Opec stands for the Organisation of Petroleum Exporting Countries, but investors are now calling it the Organisation of Producers Exempt from Cuts, as Petromatrix's Olivier Jakob puts it. At a meeting in Algiers a few weeks ago, Opec which pumps 40% of the world's oil said it wanted to reduce production to help mop up the global glut and shore up the low prices that had become a major strain on producers' budgets; Saudi Arabia has had to issue its first international bond to top up its coffers. Talk of cuts marked a U-turn after two years of deliberately flooding the markets to put US shale producers out of business.
Oil bounced by around 15% in the weeks after the announcement, but it has now slid back to a three-month low of around $45 a barrel losing almost 10% in a week as a deal seems less likely. For starters, Iran and Iraq made it clear they had no intention of reining in output. No wonder, says Chris Helman on Forbes.com; Iraq "needs all the revenue it can generate to fend off Islamic State and repair its broken country". Iran is keen to regain market share, now that it is no longer frozen out of the international system by Western sanctions.
Tehran will reportedly contemplate a cap only when it hits 12% of Opec output the level before sanctions were imposed. That implies 4.2mbpd (million barrels per day) compared with reported production of 3.85mbpd in September. The fewer Opec countries that join Saudi in making cuts, the more the burden of reduced oil revenues weighs on the Gulf kingdom. In frustration, the Saudis have threatened to boost output further from 10.5mbpd to around 12mbpd to put their rivals under pressure by lowering prices, according to Reuters.com. Saudi Arabia has denied threatening Iran.
US exploration has also increased, thanks to recent price rises in conjunction with cost-cutting and efficiency gains at fracking firms. A total of 569 drilling rigs were active last week, up from 404 in May. Each rig is "adding more than four times as much oil to the market in the same time period as five years ago". If Opec can push prices to $60, US production would "boom anew", undermining prices again. As prices look likely to stay lower for a lot longer, Opec is in for plenty more acrimonious meetings.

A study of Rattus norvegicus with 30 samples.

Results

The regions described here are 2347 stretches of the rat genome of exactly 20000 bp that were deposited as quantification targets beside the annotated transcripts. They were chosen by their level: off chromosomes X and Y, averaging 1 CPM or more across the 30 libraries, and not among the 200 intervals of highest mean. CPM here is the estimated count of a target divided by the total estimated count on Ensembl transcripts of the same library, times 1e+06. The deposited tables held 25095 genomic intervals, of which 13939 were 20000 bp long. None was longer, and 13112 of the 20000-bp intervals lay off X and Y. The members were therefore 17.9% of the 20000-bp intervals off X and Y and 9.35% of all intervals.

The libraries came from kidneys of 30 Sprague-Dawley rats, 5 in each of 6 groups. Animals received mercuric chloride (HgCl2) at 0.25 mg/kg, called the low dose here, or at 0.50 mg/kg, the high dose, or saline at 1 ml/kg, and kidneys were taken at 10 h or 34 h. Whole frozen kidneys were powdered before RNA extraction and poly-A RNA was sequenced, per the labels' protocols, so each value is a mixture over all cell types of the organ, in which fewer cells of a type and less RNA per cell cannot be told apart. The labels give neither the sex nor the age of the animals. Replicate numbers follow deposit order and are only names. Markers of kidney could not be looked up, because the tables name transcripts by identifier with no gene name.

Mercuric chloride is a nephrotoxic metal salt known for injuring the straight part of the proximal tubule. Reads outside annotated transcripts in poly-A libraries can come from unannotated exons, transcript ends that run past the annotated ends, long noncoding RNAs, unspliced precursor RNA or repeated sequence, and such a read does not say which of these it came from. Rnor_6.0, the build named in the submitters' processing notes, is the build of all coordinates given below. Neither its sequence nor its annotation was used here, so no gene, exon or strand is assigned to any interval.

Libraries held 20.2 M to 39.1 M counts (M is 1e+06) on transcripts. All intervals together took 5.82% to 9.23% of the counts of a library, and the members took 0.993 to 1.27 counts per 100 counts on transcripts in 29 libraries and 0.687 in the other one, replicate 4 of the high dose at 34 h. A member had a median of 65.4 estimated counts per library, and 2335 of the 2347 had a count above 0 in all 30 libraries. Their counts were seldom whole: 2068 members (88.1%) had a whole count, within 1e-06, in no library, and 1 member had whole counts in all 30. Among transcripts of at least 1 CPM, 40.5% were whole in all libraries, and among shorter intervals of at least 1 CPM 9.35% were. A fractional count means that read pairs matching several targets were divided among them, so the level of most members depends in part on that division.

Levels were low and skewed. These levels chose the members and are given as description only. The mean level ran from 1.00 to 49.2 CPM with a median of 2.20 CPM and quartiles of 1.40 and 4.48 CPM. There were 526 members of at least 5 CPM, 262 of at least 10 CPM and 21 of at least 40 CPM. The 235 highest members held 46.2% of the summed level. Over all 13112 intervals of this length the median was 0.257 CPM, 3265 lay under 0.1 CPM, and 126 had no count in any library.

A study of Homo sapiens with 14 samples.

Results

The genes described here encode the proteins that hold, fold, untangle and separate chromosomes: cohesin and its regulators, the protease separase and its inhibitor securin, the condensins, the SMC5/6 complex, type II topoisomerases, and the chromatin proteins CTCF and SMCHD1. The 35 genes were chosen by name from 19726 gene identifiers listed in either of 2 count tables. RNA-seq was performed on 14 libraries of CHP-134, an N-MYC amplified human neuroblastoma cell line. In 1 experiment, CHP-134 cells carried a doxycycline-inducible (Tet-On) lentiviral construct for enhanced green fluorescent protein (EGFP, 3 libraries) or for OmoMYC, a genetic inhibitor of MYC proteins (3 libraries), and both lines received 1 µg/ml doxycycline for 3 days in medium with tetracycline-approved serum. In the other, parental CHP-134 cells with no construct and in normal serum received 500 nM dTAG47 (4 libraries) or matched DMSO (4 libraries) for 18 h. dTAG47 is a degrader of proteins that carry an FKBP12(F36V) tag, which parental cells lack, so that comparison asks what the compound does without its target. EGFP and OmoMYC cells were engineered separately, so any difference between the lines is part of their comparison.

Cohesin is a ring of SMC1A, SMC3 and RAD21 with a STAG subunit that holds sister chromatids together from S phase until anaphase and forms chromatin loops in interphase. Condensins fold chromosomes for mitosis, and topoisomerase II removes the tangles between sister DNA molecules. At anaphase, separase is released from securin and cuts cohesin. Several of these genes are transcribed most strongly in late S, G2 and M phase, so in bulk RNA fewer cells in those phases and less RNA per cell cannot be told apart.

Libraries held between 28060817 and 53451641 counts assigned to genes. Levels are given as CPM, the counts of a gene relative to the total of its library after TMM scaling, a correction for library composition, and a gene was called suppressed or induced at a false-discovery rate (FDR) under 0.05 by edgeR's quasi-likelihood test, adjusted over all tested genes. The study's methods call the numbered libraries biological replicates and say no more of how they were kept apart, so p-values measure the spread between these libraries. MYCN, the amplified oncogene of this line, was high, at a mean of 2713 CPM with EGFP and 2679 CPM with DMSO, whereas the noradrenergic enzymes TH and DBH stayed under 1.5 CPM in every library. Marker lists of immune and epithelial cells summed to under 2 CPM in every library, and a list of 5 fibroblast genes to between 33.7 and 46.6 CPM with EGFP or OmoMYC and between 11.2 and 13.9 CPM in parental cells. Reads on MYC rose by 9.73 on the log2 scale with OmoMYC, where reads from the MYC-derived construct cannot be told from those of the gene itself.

Andrew is the editor of MoneyWeek magazine. He grew up in Vienna and studied at the University of St Andrews, where he gained a first-class MA in geography & international relations.
After graduating he began to contribute to the foreign page of The Week and soon afterwards joined MoneyWeek at its inception in October 2000. He helped Merryn Somerset Webb establish it as Britain’s best-selling financial magazine, contributing to every section of the publication and specialising in macroeconomics and stockmarkets, before going part-time.
His freelance projects have included a 2009 relaunch of The Pharma Letter, where he covered corporate news and political developments in the German pharmaceuticals market for two years, and a multiyear stint as deputy editor of the Barclays account at Redwood, a marketing agency.
Andrew has been editing MoneyWeek since 2018, and continues to specialise in investment and news in German-speaking countries owing to his fluent command of the language.